7 Reasons to Love Oysters — Even If You Hate Them
Oysters. There’s no disguising the fact that they come from the ocean. They have a distinctive, chewy texture and briny taste that you either love or hate. But are they good for your health?
Oysters. There’s no disguising the fact that they come from the ocean. They have a distinctive, chewy texture and briny taste that you either love or hate.
The short answer is yes, absolutely.
It’s hard to top all the benefits of oysters from a nutritional standpoint. Here is what they offer your body and why they are also great for your heart:
There are some surprising benefits, especially for women over age 40, according to Julia Zumpano, RD, LD, a dietitian in the Preventive Cardiology and Nutrition Program at Cleveland Clinic. “Older women can really benefit from these minerals, especially copper and zinc,” she says.
With age, men and women alike can become deficient in vitamins and minerals. They may not eat enough foods containing important nutrients or an illness or medications can affect their body’s ability to absorb vital nutrients.
Turns out, oysters are a rich source of important vitamins and minerals while being particularly low in calories. In a serving of six medium-sized oysters, wild or cooked, you’ll consume less than 50 calories. Even breaded and fried, which we definitely don’t recommend, six medium oysters still only contain 175 calories.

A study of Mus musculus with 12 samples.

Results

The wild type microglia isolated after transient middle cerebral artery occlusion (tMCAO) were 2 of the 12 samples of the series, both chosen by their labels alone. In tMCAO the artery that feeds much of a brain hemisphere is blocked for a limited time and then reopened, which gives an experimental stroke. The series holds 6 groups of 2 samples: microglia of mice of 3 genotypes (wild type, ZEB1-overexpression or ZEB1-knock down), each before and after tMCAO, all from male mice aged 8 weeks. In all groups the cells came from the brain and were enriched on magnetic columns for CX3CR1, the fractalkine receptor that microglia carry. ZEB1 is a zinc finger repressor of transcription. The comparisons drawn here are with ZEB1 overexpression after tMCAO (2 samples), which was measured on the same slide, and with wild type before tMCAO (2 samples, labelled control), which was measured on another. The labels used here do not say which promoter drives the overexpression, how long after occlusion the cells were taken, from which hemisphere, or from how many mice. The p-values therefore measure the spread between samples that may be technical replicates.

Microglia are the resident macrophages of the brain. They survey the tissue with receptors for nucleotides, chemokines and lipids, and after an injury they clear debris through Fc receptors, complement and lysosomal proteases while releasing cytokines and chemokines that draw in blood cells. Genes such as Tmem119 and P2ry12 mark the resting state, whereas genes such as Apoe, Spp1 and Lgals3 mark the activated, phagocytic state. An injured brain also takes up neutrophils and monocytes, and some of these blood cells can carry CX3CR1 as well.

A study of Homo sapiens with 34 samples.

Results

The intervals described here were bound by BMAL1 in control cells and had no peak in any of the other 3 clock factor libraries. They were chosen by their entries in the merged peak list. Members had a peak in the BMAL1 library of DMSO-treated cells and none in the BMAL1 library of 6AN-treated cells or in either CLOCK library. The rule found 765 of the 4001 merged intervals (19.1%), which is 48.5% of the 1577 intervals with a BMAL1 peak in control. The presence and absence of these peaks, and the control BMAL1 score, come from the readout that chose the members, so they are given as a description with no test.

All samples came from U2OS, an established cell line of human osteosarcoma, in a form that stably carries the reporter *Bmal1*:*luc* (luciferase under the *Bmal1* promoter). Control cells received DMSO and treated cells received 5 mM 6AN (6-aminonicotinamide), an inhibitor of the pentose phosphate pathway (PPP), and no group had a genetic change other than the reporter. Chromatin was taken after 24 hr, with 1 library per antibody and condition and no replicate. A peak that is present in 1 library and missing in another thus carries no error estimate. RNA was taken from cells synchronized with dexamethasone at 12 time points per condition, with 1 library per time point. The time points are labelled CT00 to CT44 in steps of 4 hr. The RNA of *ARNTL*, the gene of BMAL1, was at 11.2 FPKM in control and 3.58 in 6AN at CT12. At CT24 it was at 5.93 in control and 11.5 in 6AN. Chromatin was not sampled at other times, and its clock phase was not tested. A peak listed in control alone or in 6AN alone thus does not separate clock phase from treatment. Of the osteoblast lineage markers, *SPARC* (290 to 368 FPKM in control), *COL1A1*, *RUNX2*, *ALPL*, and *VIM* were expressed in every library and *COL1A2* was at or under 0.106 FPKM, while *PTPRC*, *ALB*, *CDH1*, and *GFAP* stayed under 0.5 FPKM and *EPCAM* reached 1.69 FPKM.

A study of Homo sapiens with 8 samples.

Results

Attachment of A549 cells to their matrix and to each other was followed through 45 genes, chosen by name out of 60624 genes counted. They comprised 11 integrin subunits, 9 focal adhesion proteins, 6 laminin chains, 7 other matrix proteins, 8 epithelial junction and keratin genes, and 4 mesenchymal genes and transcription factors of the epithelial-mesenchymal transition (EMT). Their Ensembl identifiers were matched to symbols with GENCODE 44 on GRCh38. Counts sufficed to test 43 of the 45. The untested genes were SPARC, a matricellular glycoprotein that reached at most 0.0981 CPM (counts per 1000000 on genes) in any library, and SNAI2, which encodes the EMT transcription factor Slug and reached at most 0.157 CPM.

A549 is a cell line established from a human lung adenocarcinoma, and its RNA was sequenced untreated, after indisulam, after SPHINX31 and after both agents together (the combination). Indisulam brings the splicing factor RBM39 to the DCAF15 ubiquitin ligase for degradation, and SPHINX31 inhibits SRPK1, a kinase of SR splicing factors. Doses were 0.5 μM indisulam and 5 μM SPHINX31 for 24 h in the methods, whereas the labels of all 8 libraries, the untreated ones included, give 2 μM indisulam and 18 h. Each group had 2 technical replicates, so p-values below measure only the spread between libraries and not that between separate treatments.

“Oysters can really pack a nutritional punch,” Ms. Zumpano says.
When it comes to these shelled beauties, people often have other interesting questions: Are they alive when people eat them? How should you prepare them? And the question everyone really wants to know: Are they really an aphrodisiac?
So, no, they aren’t alive when people eat them, just possibly raw or cooked. If you make them at home, Ms. Zumpano offers a few cooking suggestions.
“Steaming is best. Avoid preparing them in unhealthy fats, such as butter, margarine or cream sauce. Try them in an oil- or tomato-based sauce.”
The question of whether or not raw oysters could cause sexual arousal has lingered over the years. However, there is little, if any, scientific support for this assertion.
So why have oysters been so long associated with romantic lore? Perhaps, because oysters are high in zinc — a mineral important to sexual health. Oysters may, in fact, fill a nutrient deficit that contributes to impotence in some men.
While there’s no evidence that oysters will enhance your love life, you might eat them to love your body, and to give it good fuel.